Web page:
What are top generating companies doing to push the utility market forward? This guidebook exclusively features their guidance and strategies, previously featured in POWER magazine.
The United Arab Emirates (UAE) is a country flush with fossil fuels, so why does its government want nuclear power to form the backbone of its electricity supply? POWER interviewed Emirates Nuclear Energy Corp. CEO Mohamed Al Hammadi to find the answer and to learn more about the world’s largest in-progress nuclear construction project.
TransAlta Plays Defense with Coal Out, Renewables In
TransAlta Corp., a large, multinational investor-owned electric generating company sitting in the middle of Canada’s fossil fuel riches in Alberta, is offering to move away from coal. What’s behind the Calgary company’s “Dial down coal. Dial up renewables” strategy?
Xcel Energy: Committed to Renewables, but Going Its Own Way
Powerful regional utility Xcel Energy, which owns electric and gas utilities in the middle of the U.S. featuring major wind and growing solar resources, is making a big commitment to renewable generation. But for Xcel, going green means choosing its path: the utility-controlled road to renewables.
Entergy Sheds Uneconomic Merchant Nuclear Plants to Focus on Regulated Business
Around the turn of the century, Entergy took a flyer on older, low-cost nuclear units to bid into new competitive wholesale markets. Facing pressure from cheap gas and unanticipated political challenges, the company now grapples with disentangling itself from unsustainable investments in merchant nuclear generation.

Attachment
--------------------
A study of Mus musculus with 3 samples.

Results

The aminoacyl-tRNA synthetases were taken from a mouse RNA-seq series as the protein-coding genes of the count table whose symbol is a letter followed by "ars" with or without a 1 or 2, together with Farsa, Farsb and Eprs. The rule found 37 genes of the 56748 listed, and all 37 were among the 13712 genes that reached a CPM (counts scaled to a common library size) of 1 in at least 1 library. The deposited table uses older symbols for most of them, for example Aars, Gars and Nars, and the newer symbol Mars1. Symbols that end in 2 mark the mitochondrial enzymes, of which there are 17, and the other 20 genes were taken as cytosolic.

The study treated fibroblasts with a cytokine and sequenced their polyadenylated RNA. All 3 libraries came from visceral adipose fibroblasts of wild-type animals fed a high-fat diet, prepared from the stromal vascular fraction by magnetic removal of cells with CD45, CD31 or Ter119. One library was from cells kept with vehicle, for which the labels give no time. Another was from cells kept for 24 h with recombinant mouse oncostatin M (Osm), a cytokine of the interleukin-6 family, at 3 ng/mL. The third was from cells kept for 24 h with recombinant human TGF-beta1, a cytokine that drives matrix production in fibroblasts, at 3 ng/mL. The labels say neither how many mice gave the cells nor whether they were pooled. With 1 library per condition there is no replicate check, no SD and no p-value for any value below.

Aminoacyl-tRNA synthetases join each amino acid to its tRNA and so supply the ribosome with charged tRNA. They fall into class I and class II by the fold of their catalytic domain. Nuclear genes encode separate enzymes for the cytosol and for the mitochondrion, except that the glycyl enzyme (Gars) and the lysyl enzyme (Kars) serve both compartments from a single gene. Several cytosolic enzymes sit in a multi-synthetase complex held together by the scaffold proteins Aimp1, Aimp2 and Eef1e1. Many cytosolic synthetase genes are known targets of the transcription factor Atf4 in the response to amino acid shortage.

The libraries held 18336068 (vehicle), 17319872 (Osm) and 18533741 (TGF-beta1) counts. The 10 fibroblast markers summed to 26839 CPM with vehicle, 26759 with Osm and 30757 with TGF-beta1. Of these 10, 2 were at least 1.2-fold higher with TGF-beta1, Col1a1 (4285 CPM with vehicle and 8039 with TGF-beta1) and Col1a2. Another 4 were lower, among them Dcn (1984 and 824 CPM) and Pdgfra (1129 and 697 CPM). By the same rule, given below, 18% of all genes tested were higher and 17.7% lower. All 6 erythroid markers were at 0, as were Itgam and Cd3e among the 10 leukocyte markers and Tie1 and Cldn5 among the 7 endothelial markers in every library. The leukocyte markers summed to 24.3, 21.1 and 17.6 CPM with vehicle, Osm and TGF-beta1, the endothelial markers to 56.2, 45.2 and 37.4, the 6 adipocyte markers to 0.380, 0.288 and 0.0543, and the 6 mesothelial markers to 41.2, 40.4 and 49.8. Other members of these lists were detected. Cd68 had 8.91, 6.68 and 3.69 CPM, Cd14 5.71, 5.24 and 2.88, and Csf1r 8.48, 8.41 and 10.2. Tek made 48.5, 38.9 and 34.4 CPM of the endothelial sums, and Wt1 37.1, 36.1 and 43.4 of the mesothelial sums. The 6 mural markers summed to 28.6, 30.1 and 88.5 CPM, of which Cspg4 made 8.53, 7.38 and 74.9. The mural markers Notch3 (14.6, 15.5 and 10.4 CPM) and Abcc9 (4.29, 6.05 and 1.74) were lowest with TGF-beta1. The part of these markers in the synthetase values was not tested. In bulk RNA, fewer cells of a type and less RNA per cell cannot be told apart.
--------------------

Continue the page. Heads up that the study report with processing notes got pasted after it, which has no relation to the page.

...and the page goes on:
Dominion Resources Broadens Its Reach
Dominion Resources, a large electric and gas utility holding company serving mostly Virginia and North Carolina, has big ambitions to spread its wings nationally and internationally in gas, while carefully hedging its electricity business. The company’s strategy is eclectic.
Southern Company Bets Big
Southern Co., one of the nation’s largest investor-owned utilities, appears torn between enormous recent investments in advanced coal and nuclear technologies—the company’s successful strategy in the past— and a competing sense that natural gas and distributed energy might be the company’s ultimate future.
Exelon, America’s Leading Nuclear Generator, Keeps the Faith on Nukes
The U.S. nuclear power business is in trouble, and Exelon has six units totaling more than 5,300 MW of dependable capacity on the chopping block. How will the Chicago electricity giant respond? Perhaps by acquiring more nuclear capacity?
Chronic Tardiness at South Africa’s Eskom Could Be Its Downfall
South Africa’s state-owned utility faces recent generation shortages, plant construction problems, load shedding, and uncertainty at the African continent’s only nuclear power plant. And that’s just on the generation side. Moves on the business planning and regulatory side are painfully slow and could, some argue, be writing the utility’s obituary.
Ontario Power Generation: A Clash of Politics and Power Planning
Ontario—Canada’s most populous province and its major economic engine—has an electric power supply system so driven by provincial politics that it has pushed the province’s utility generating arm, Ontario Power Generation, into what appear to be incoherent resource policies.